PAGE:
February is many things, and that includes Gum Disease Awareness Month.
With this in mind, we have a few blogs this month that will focus on what you should know to keep your gums as healthy as they can be.
Today, we will be discussing the steps you can take to prevent periodontal problems … and what you can do if you do develop a gum infection. Either way, you should make plans to visit the office of Charles F. Betts Jr., DMD. For close to three decades, Dr. Betts has been helping patients in and around Decatur, AL.
He and the rest of our team look forward to helping you, too. Just call 256-274-8680 today to schedule an appointment with us.
Know The Difference Between Healthy & Unhealthy Gums
First and foremost, healthy gums should appear pink in color, and they should feel firm to the touch. When healthy, your gums provide protection for your teeth. They cover the roots, and they keep your teeth where they should be.
In the early stages of gum disease (also known as gingivitis), you may notice some changes. Infected gums often appear red and/or swollen. Bleeding when you brush or floss is another clue that there is a problem. (It’s also a clue that you should be flossing more often.)
If your problem is allowed to persist, you can develop periodontitis, which is the advanced form of gum disease. Coincidentally, the Centers for Disease Control has reported that nearly half of Americans 30 years and older have some form of periodontitis.
At this stage, the symptoms might include receding gums, constant bad breath, and loose teeth. It is possible that your gums will feel sore or tender, but many people never feel any pain as a result of gum disease. Please keep that in mind before you put off treatment for this condition.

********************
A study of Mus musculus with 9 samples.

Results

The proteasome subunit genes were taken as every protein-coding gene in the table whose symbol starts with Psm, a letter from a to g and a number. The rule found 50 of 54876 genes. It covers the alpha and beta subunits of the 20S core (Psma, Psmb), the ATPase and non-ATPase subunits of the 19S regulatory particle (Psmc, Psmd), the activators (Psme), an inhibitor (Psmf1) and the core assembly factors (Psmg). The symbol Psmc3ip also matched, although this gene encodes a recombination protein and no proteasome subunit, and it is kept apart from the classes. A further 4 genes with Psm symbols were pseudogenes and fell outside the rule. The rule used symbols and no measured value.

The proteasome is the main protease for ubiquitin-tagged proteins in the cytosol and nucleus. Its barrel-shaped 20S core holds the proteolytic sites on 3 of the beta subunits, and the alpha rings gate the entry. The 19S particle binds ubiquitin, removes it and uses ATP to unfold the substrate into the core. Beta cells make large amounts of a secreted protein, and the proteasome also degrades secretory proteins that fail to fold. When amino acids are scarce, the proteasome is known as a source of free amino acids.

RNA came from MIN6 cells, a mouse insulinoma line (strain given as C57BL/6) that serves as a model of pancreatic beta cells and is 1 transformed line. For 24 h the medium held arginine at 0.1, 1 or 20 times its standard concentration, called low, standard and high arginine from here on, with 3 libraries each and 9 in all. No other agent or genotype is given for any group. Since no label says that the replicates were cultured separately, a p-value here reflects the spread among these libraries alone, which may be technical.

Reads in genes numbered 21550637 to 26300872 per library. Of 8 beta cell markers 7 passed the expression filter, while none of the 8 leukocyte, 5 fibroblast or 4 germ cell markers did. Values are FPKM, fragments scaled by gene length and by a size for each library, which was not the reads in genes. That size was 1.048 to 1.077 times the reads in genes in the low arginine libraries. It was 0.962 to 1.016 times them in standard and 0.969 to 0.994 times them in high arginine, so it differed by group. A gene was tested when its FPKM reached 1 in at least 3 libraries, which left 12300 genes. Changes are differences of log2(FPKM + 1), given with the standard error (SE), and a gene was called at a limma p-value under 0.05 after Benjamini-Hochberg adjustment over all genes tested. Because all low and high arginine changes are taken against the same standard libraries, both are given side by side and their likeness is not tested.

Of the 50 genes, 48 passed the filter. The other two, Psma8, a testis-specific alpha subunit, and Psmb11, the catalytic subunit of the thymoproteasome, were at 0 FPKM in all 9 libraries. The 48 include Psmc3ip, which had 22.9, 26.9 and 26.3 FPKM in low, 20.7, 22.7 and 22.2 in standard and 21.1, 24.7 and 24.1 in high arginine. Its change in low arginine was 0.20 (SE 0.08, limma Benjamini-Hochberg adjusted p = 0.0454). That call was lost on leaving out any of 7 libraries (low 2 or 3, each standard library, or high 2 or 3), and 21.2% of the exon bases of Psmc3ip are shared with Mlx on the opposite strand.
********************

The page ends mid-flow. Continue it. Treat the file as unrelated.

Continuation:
Preventing Problems Is Your Priority
As with other health issues, preventing gum disease should be plan A.
To do that, you should follow the American Dental Association’s recommendations. Get regular dental cleanings. Brush your teeth twice daily, and floss your teeth every day.
Based on ADA surveys, however, less than half of all Americans actually floss daily. If you are one of them, it may be because you don’t like or can’t use dental floss. You may want to use a flosser (which has a short handle making it more comfortable to use) or a water flosser instead.
The important thing to remember is that brushing does a lot, but it’s not the best way to remove bacteria, plaque, and food particles from between your teeth. Flossing can reach those places that your toothbrush can’t.
Visit Us If You Notice Problems
Keep your gums healthy is important for your oral health. That’s why we strongly encourage you to make an appointment with Dr. Betts at the first symptoms of a gum infection. With a procedure called scaling and root planing and antibiotics, we can take care of most infected gums at our Decatur, AL dental office.